National League Charter Franchises
Yadier Molina of the St. Louis Cardinals celebrates winning the National League Championship Series against the Milwaukee Brewers in October 2011.
Yadier Molina of the St. Louis Cardinals celebrates winning the National League Championship Series against the Milwaukee Brewers in October 2011.
Christian Petersen/Getty Images

When William Hulbert created the National League in 1876, he took six teams from the dying National Association and added two more squads to create the "Classic Eight" NL clubs:

  • Boston Red Stockings or "Red Caps" (from National Association)
  • Chicago White Stockings (from National Association)
  • Cincinnati Red Stockings
  • Hartford Dark Blues (from National Association)
  • Louisville Grays
  • New York Mutuals (from National Association)
  • Philadelphia Athletics (from National Association)
  • St. Louis Brown Stockings (from National Association)

The Chicago White Stockings, owned by Hulbert and managed by Hall-of-Fame pitcher A.G. Spalding, were the dominant force in the early years of the National League, winning six of the first 11 league titles [source: Cubs]. Because of their young lineup in the early 1900s, the White Stockings earned the nickname the "Cubs," which became the team's official name in 1907 [source: Cubs].

The Cubs are one of only two original NL teams that still exist today. The other is the Boston Red Stockings, which underwent several name changes (Red Caps, Beaneaters and Doves) before settling on the Boston Braves in 1912 [source: Braves]. In 1953, the Braves moved to Milwaukee, where Hank Aaron led the team to a World Series title in 1957. In 1966, the Braves moved yet again, this time to Atlanta, where they grew to prominence in the 1990s, winning Atlanta's first World Series in 1995.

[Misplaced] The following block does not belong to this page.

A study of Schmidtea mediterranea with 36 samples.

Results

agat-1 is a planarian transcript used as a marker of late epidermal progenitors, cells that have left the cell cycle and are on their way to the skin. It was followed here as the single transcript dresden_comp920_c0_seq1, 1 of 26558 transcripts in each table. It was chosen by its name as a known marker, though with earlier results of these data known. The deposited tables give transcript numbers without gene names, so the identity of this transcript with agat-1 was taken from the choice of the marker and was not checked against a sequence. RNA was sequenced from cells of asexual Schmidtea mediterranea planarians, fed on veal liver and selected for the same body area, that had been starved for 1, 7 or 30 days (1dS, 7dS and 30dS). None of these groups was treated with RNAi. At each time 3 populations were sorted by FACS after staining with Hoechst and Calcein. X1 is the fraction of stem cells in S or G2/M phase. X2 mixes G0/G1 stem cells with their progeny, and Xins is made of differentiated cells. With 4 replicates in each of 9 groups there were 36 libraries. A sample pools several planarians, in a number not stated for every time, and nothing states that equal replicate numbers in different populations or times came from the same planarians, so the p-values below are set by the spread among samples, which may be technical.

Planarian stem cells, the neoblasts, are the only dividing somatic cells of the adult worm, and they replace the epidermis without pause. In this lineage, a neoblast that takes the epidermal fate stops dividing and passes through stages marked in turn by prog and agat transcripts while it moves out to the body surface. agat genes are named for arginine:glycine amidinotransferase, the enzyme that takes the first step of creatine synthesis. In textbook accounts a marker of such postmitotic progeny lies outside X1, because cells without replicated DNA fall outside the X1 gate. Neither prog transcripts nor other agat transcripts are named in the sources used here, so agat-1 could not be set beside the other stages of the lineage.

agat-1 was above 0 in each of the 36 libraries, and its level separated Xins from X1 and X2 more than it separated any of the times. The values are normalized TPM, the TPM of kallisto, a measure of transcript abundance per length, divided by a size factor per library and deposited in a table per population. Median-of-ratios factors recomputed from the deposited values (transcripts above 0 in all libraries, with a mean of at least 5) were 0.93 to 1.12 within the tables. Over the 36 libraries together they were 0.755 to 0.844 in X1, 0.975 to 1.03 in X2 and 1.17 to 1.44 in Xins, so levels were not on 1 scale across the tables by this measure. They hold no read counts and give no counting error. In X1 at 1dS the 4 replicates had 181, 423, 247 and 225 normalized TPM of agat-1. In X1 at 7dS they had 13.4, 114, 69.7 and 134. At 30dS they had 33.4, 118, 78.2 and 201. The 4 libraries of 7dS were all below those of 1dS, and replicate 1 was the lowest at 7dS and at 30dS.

The rest of the original eight NL clubs folded under financial problems or were expelled from the upstart league. The Philadelphia Athletics and New York Mutuals, which both fared poorly in the new league, refused to make a road trip out West and were summarily dropped after the first NL season. The Hartford Dark Blues had trouble selling tickets in Connecticut, so the team moved to New York in 1877, becoming the geographically confusing Brooklyn Hartfords [source: Arcidiacono]. The Hartfords closed shop after just one season.

The Cincinnati Red Stockings were the only original NL team expelled from the league for breaking Hulbert's Victorian-era rules of propriety and sobriety. The Red Stockings were kicked out of the league in 1880 for selling alcohol and playing games on Sundays [source: Miklich].

For lots more information on baseball history, including the most important rule changes in the evolution of the game, explore the links on the next page.